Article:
Ligado Focuses on Unmanned Sector in Push for Terrestrial Network

May 31, 2017


The still relatively new and extremely promising unmanned sector is in need of spectrum, most importantly to handle command and control (C2) for what could be hundreds of thousands, if not millions, of autonomous and semi-autonomous devices. Ligado is proposing to use its terrestrial network in close combination with its SkyTerra 1 satellite to address C2 as well support the transmission of the enormous amount of data expected to be generated by unmanned devices, including the sensor-laden cars now under development.

"FCC approval of Ligado’s license modification applications would not only promote American innovation and leadership in 5G," the firm wrote in an April 6 letter to the FCC, "but would generate hundreds of millions of dollars in private investment in infrastructure and thousands of American jobs."

Ligado has been conducting tests with AeroVironment and with Dominion Virginia Power, most recently to demonstrate that it could provide connectivity for power-line inspection with its satellite as well as through a terrestrial connection using the 1670-1,675 MHz band it hopes to get approved. It also demonstrated connecting using unlicensed 2.4-GHz wireless spectrum. Ligado and the Harris Corporation have also announced that they have formed a collaborative partnership to enable beyond visual line-of-sight operations for unmanned aircraft systems. They are planning to do demonstrations in both North Dakota and Louisiana.

Change?
In that April 6 letter Ligado also made an interesting offer.

"Ligado proposes to establish power levels in the 1526 to 1536 MHz band that not only protect certified aviation devices, but all GPS devices, including noncertified aviation receivers."

This would seem to be a shift from Ligado's previous position that its promise to the Federal Aviation Administration to adjust its power levels to protect aviation receivers applied only to certified receivers, the devices required for manned aircraft. Unmanned aircraft generally use noncertified receivers.

The proposal to protect all GPS receivers also would seem to be a marked change — but it is not yet clear what the company means by "protect." The firm has insisted that its terrestrial network can co-exist with GPS — but that assertion has relied in part on redefining what constitutes interference. Ligado has argued that it should be a change in the position error that is used as the yardstick and not the internationally accepted metric of a one-decibel (1 dB) degradation in C/N0, the carrier-to-noise power density ratio. Position error favors does not reflect the full risk to GPS service.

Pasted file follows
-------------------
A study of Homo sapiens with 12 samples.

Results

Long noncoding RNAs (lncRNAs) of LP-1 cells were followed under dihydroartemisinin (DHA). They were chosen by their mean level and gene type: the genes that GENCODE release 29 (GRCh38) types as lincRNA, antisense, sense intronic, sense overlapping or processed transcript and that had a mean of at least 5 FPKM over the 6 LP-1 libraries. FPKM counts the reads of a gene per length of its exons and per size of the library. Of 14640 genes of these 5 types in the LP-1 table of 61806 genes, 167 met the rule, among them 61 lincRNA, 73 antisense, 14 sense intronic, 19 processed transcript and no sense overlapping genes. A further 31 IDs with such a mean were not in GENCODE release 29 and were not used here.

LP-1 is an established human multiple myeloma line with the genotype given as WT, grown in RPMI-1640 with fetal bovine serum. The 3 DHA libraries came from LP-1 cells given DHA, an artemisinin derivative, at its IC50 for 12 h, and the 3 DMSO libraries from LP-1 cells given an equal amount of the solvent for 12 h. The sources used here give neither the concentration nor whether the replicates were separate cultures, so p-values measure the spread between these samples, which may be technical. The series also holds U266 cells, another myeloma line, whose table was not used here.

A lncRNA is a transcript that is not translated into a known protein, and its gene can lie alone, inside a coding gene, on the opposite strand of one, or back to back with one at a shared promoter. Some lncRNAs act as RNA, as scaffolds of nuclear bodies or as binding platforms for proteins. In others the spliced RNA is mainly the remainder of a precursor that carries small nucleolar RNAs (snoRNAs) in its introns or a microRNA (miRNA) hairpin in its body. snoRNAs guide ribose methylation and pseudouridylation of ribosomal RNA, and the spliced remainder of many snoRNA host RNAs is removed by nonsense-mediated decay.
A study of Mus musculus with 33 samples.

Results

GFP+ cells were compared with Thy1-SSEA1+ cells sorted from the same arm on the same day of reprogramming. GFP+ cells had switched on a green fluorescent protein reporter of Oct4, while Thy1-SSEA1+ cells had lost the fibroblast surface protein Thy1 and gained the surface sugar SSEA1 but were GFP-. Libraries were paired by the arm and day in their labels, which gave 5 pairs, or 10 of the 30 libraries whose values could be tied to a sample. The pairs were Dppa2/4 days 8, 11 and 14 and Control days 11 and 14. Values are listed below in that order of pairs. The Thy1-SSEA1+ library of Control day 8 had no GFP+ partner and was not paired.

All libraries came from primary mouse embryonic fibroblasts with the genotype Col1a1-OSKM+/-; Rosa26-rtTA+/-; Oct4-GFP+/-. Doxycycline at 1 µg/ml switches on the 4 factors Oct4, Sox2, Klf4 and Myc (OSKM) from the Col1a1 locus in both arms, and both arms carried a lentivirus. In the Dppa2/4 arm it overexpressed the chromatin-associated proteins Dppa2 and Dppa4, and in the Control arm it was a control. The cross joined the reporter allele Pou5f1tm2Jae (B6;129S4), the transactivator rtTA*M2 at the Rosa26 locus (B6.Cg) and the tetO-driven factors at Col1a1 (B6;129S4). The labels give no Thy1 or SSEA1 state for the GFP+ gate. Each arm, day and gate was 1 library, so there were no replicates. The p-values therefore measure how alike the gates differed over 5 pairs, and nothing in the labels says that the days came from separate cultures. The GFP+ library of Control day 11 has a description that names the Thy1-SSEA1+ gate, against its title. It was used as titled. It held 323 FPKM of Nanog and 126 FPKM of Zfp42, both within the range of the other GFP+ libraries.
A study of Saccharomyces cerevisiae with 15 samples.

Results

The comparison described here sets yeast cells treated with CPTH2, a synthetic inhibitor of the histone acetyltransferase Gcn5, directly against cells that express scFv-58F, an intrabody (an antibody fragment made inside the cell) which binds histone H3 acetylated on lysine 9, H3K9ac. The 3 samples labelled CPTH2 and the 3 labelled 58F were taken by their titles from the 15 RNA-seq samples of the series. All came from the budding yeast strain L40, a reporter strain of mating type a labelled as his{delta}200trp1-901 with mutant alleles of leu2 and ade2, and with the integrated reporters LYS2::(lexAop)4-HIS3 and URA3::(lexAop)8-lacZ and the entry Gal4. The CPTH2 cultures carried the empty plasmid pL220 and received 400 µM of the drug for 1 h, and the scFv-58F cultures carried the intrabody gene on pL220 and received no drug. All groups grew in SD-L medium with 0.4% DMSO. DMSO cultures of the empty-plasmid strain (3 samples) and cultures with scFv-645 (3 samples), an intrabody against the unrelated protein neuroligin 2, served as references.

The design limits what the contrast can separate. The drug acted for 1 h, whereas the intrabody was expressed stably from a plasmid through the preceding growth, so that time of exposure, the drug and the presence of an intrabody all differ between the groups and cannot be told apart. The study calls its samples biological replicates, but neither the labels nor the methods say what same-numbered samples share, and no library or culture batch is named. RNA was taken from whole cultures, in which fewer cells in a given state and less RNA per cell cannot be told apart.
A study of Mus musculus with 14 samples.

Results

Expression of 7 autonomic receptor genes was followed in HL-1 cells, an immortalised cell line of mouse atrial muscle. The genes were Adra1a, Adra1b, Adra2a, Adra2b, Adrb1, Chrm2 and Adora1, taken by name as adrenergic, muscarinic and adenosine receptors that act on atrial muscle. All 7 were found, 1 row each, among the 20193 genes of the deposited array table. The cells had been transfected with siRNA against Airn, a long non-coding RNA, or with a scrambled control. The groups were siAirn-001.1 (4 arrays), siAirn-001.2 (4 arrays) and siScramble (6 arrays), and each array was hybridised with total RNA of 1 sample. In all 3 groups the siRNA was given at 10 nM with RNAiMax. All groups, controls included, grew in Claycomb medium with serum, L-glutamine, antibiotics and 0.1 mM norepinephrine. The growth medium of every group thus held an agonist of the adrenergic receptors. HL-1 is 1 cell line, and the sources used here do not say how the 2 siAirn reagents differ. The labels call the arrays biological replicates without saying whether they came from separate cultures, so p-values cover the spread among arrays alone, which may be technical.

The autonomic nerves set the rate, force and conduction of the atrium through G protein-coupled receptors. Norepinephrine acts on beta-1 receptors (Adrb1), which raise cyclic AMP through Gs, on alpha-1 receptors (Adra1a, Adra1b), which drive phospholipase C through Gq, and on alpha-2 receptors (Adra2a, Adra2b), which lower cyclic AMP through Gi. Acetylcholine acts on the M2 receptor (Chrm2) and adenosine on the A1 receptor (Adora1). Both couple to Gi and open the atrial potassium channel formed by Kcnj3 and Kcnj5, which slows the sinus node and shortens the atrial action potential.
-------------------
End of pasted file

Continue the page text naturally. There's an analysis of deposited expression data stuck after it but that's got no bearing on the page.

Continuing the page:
Inside GNSS reached out to Ligado but was unable to clarify as of press time whether the April 6 proposal reflected a change in Ligado's approach or was a restatement of its previous position.

Thinking Positive
In describing its new terrestrial vision the firm has been upbeat about its prospects of winning approval from the FCC.

“All the technical obstacles have been cleared and [the FCC] is dotting the i’s and crossing the t’s,” Tamara Casey, Ligado's chief technology officer, told Aviation Week in April.

Ligado is seeking to use the bands 1526-1536 MHz, 1627.5-1637.5 MHz, and 1646.5-1656.6 MHz and the five megahertz from 1670.0 to 1675.0 MHz — the latter being the band used in the Dominion tests. Ligado is asking to share that small band in consideration of its decision to abandon using the frequencies from 1545 to 1555 MHz. (Casey noted in the Aviation Week article that Ligado did not give up using that band altogether, just for terrestrial services. It still plans to use the band for satellite services.)

The firm's optimism may be boosted by the May 18 nomination of David Redl to head the National Telecommunications and Information Administration (NTIA) as the assistant secretary for communications and information. NTIA played a key role in the February 2012 decision to put Ligado's original plan on hold.

Redl’s roots are in wireless. He started his career at CTIA — The Wireless Association where he was director of regulatory affairs and "focused on spectrum policy, wireless broadband, and reducing regulatory mandates," according to the White House announcement. Redl is now chief counsel for communications and technology on the House Committee on Energy and Commerce, which he joined in February 2011, according to his LinkedIn profile.

Energy and Commerce is chaired by Rep. Greg Walden, R-Oregon. Walden and the committee's former chair, Rep. Fred Upton, R-Michigan, launched an effort in 2014 to rewrite the Communications Act of 1934. At the time, finding more frequencies for commercial use was near the top of their to-do list. Upton, who ran into a term limit as chair, is still a member of Energy and Commerce. He now chairs the Energy Subcommittee.